Friday, 1 July 2016

Chapter 6 “This journal contains the most amazing things you will have ever heard!”

The Natural History Museum at the time our story is set

All of this chapter is set in the Natural History Museum in South Kensington.  This is somewhere Agent Triple P has been visiting ever since he was five years old.  Mainly, of course, because of its collection of dinosaur fossils, although we also liked the giant model of a Blue Whale when we were younger.  Today, we often meet up with people in its cafe, particularly our friend A, who has a friend who lives near by.  By the time of our story the museum, designed by Alfred Waterhouse in Romanesque style, had been open for just over thirty years.   In the excellent BBC adaption of The Lost World (2001) the lecture takes place at the Natural History Museum (although the actual lecture theatre was another location) but they depict the Diplodocus as being in the main hall.  Triple P wanted to put the dinosaur where it would have been in 1912.

The Reptile Hall in 1905

Professor Challenor's lecture takes place in the Reptile Hall, which was the original home of the museum's famous Diplodocus skeleton, nicknamed Dippy.  The skeleton is actually a copy of an original discovered in Wyoming in 1898.  It was acquired by Scottish-born millionaire Andrew Carnegie who wanted if for the museum he was building in Pittsburgh.

Dippy is unveiled in 1905 and also gives us an idea of what Professor Challenoir's lecture would have looked like

While Carnegie was staying at his Scottish Castle, King Edward VII saw a drawing of the Diplodocus and said it would be good to have one for the Natural History Museum.  Carnegie spent £2000 of his own money to have a cast made of all 292 bones and presented it to the Museum, where it was put on display in the Reptile Hall in 1905, ironically before the American original was on display in Pittsburgh.  The 105 foot long skeleton was so popular nine other casts were made for other museums around the world, making it the most viewed representation of a dinosaur skeleton.

The main hall of the museum in 1910

Today, it is in the main hall of the museum where it has been since 1979.  Next year, controversially, it will be replaced by a skeleton of a blue whale, suspended from the roof.  At the time of our story, in 1912, the main hall of the museum was dominated by a large stuffed African elephant.

The main hall (now called the Hintze Hall) of the Natural History Museum today

Dippy has been repositioned, with his tail held horizontally and no longer depicted dragging along the ground as when he was first assembled.  The Reptile Hall today is used for the Human Biology gallery and almost nothing of the original hall. as seen in the picture at the top of this post, is visible, although it is all still there beneath the modern hoardings.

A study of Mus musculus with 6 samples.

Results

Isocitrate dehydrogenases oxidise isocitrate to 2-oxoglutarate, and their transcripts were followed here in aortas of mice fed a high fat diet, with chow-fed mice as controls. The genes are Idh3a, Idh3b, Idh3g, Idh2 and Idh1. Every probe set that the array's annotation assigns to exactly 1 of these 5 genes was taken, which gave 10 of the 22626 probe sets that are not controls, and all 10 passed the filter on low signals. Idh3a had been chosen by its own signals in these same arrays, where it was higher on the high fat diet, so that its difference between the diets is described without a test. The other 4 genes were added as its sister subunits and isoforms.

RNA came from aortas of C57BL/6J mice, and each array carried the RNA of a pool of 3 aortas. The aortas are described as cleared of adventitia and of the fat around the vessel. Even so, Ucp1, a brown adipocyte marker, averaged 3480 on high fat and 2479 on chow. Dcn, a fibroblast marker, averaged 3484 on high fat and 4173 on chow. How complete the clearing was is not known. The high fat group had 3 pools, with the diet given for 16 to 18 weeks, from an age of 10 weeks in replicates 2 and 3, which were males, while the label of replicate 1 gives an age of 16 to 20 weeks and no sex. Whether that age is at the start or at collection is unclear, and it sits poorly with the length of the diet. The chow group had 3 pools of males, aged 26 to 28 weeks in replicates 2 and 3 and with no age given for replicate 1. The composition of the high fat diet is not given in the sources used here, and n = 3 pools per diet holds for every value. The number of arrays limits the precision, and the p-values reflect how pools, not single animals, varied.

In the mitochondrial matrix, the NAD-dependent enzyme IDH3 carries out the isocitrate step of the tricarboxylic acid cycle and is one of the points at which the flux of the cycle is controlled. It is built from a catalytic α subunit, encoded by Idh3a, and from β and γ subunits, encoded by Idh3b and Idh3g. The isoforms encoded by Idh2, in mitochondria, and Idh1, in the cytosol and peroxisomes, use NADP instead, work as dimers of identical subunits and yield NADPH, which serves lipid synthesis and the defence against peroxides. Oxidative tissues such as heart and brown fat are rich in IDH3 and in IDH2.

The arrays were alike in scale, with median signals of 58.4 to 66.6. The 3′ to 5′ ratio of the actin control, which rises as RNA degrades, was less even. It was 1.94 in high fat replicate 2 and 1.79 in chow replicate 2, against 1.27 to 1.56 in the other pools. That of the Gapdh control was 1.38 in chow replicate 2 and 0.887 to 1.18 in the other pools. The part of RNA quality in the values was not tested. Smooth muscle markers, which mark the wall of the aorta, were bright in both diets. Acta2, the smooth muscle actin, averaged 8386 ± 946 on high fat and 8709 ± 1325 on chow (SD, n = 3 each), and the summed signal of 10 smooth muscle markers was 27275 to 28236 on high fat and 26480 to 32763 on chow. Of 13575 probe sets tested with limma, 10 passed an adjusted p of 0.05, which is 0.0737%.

Interestingly, considering our story, one of the current exhibits in the Human Biology gallery is this!   

The leaf of an extinct plant which Challenor brandishes during his lecture is that of glossopteris, a large prehistoric tree which flourished across the southern hemisphere.  It was the discovery of the fossils of glossopteris in South America, South Africa, India and Antarctica which was one of the first indications that the earth's continents had moved apart from one large land mass.

Owen's iguanodon at Crystal Palace

Chgallenor's description of the iguanodon, illustrated in Waring Blanc's journal, reflects the changes in interpretation of the fossils over the years. Iguanodon was the second ever dinosaur named, in 1825, by Gideon Mantell, based on a few fragmentary fossils found in 1822.  Initially, Mantell thought that the creatuire was a quadruped but as more bones turned up he changed his mind when he saw that the forelimbs seemed to be much smaller.  However, his more influential rival, Richard Owen, saw the creature as a lumbering quadruped and when he supervised the installation of a life sized model of the creature at Crystal Palace that was how the iguanodon was depicted.  Famously, the horn he put on its nose turned out to be the creature's thumb.

One of the Bernissart skeletons under reconstruction.

In 1878, however, a massive find in a coal mine at Bernissart in Belgium unearthed the remains of 38 separate iguanodon skeletons.  It was now apparent, with these much more complete skeletons, that the creature was, as was thought, bipedal.

So in 1912 the view of the iguanodon was that it was a creature that sat upright, like a kangaroo, using its tail to support it.  As was the case with all dinosaurs at the time (and in fact until well into the second half of the twentieth century) it was depicted as dragging its tail along the ground like a crocodile.

The interpretation of Iguanodon today

It wasn't until 1980, when David Norman re-examined iguanodon, that he pointed out that this tripod pose would have been impossible and the tail would have had to have been broken to achieve the kangaroo pose.  A more horizontal pose made much more sense given the hip bones and the formation of the legs.

The smaller but powerful forelimbs suggested that it spent a considerable time on four legs as well as two and that as the animal got older and heavier (it is now believed that dinosaurs grew constantly throughout there lives) it would have become, perhaps fully, quadrupedal.